Are iPads good or bad in classroom?Published 12:02am Friday, August 9, 2013
Whenever I see an iPad in a classroom, I am reminded of what my high school math teacher said about technology.
“It’s just pure laziness,” he would say.
Thirty years ago we didn’t have electronic tablets, lap top computers or smartphones. We didn’t even have calculators, but that is not because they weren’t available.
The latest technology available to high school students in the 1980s was the TI- 30 SLR or the Casio FX-370. Both were a trigonometry and pre-calculus student’s dream.
If you were geeky enough and your parents would shell out a few hundred bucks, you might have the world’s first graphing calculator, the Casio FX-7000G.
Even though you could take a calculator to the ACT exam, those handheld devices were never allowed in Mr. Latham’s classroom.
“Why would you use a device that can do what your brain can do?” Latham would ask.
It didn’t make much sense to me back then and I am sure that kind of thinking would meet with even more resistance from students today. Even some of today’s teachers might not agree with Mr. Latham’s thinking.
With the ability to talk face- to-face with people thousands of miles away and have access to almost any information at the touch of the screen, why would you not take advantage of what technology has to offer?
The more and more I see the devices in the classroom, the more and more I tend to agree with my past teacher.
Of course, many teachers will tell you iPads and other forms of technology are crucial in today’s world when children are surrounded by computers everyday. The latest technology is the only way to capture the attention of today’s high-energy students. It makes learning fun.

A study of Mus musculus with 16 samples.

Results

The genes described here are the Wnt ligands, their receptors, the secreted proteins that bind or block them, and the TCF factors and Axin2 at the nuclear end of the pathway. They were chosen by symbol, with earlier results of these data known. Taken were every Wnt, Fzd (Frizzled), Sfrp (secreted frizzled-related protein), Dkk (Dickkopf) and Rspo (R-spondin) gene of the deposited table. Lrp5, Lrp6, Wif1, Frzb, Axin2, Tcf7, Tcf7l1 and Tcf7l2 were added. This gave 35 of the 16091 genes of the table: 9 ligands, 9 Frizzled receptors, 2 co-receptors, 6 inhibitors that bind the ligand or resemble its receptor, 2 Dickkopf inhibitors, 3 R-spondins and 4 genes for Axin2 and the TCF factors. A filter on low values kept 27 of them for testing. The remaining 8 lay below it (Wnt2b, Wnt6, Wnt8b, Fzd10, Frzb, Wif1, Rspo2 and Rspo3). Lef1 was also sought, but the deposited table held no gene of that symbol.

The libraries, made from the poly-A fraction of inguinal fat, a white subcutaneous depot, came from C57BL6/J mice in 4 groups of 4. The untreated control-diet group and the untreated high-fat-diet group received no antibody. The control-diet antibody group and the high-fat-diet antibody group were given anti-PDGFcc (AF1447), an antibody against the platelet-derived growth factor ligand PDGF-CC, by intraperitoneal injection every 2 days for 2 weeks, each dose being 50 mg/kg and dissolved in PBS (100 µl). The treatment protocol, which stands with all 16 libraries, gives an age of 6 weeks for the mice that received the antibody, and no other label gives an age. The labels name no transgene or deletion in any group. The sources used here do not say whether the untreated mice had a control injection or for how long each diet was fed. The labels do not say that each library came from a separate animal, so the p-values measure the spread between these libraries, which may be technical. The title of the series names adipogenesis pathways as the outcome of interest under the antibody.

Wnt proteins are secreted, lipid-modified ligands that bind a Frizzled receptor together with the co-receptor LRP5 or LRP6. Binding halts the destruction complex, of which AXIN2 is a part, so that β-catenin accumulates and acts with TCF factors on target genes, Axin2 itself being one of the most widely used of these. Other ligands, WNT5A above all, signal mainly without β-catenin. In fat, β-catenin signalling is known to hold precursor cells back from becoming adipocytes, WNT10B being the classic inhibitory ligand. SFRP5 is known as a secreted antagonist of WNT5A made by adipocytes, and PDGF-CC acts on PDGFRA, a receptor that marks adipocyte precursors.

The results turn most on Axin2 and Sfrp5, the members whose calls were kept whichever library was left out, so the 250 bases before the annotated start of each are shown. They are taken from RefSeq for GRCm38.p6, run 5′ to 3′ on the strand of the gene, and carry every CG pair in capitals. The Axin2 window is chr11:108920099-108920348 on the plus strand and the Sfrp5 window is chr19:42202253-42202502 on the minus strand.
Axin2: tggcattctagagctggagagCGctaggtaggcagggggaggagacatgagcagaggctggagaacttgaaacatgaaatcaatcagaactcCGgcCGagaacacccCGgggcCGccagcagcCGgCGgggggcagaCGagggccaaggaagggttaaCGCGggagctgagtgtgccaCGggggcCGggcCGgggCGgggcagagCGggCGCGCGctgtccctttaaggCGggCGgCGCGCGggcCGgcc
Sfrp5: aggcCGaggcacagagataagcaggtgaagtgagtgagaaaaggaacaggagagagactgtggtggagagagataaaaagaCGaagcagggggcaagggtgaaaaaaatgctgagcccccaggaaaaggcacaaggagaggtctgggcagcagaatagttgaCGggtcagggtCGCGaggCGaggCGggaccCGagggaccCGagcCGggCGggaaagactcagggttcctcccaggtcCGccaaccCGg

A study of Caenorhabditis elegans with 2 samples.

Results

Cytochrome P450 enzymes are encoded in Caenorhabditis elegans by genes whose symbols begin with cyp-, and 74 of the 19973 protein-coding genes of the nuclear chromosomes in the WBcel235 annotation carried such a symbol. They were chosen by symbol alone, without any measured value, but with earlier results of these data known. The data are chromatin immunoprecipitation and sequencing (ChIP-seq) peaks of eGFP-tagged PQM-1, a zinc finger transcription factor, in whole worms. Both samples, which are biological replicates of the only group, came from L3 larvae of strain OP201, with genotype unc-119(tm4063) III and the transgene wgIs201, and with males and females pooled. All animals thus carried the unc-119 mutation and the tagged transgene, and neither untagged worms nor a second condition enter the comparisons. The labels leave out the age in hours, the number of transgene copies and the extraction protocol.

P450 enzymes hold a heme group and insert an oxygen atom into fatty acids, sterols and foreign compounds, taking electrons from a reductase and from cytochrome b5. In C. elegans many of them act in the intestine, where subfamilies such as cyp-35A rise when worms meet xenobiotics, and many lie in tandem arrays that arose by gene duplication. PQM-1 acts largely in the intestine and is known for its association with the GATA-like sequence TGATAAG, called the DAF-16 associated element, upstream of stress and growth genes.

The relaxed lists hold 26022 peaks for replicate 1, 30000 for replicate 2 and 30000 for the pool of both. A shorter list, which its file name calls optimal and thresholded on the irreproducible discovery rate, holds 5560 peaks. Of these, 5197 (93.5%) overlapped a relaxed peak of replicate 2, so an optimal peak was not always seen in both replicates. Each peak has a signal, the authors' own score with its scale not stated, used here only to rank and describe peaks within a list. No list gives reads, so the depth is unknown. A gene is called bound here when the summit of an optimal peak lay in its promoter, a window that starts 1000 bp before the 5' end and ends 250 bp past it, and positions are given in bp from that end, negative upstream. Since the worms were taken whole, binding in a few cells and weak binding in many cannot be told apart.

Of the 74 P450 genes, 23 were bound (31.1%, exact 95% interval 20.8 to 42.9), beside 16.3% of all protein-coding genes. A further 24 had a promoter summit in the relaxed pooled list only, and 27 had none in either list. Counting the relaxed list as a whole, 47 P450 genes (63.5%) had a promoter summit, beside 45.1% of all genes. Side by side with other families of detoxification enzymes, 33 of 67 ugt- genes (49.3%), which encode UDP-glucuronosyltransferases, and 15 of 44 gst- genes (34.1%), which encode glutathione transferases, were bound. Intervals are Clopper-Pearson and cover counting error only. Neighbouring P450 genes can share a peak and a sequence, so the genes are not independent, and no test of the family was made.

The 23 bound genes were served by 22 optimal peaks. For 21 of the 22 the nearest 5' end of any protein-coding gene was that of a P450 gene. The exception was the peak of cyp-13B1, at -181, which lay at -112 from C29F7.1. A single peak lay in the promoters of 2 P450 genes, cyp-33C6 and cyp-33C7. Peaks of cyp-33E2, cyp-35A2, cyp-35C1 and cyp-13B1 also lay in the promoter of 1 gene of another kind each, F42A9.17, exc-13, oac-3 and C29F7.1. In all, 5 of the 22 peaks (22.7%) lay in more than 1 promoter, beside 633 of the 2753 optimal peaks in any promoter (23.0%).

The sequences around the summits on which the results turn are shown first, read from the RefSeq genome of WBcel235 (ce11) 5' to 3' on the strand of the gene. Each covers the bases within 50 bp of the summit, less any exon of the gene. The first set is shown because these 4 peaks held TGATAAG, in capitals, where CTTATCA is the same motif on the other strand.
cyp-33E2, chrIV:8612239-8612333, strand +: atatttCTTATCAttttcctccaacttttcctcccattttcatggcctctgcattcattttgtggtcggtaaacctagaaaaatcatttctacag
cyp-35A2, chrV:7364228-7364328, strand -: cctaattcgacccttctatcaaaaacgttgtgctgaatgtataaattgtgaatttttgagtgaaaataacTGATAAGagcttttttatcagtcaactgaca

It must make teaching fun, too, when you can access entertaining and interactive video teaching tools and games for your students.
I don’t have a problem with fun. My concern is that all of this technology may be teaching us the wrong things — that everything we do must be fun and must be interactive — that hard work and hard learning is not necessary and should be avoided.
School is not about learning facts in my opinion. It is about learning how to think and how to act in society.
I may have learned the quadratic equation in high school, but I can’t remember a time in adulthood when I have used it outside of a trivia game. But I do remember Mr. Latham teaching me how to analyze a problem, determine a method, devise a solution and calculate an answer.
In a recent news article, one teacher extolled the virtues of the iPad, saying it allowed students who were reluctant to get up and go to the board to use the tablet at their desk instead.
Are we now teaching children that it is OK to give in to your fears and refuse to stand in front of the class?
As one colleague pointed out, it is bad enough that Facebook, iPhones and texting have made us less social. All too often we see teenagers sitting next to each other with their heads in their phones and not talking to each other.
Using the iPad as an excuse for not getting up in front of the class takes the problem one step further by validating their apprehensions of being in front of a group.
It is just another life lesson gone by the wayside in this technology age.
Ben Hillyer is design editor of The Natchez Democrat. He can be reached at 601-445-3540 or email@example.com.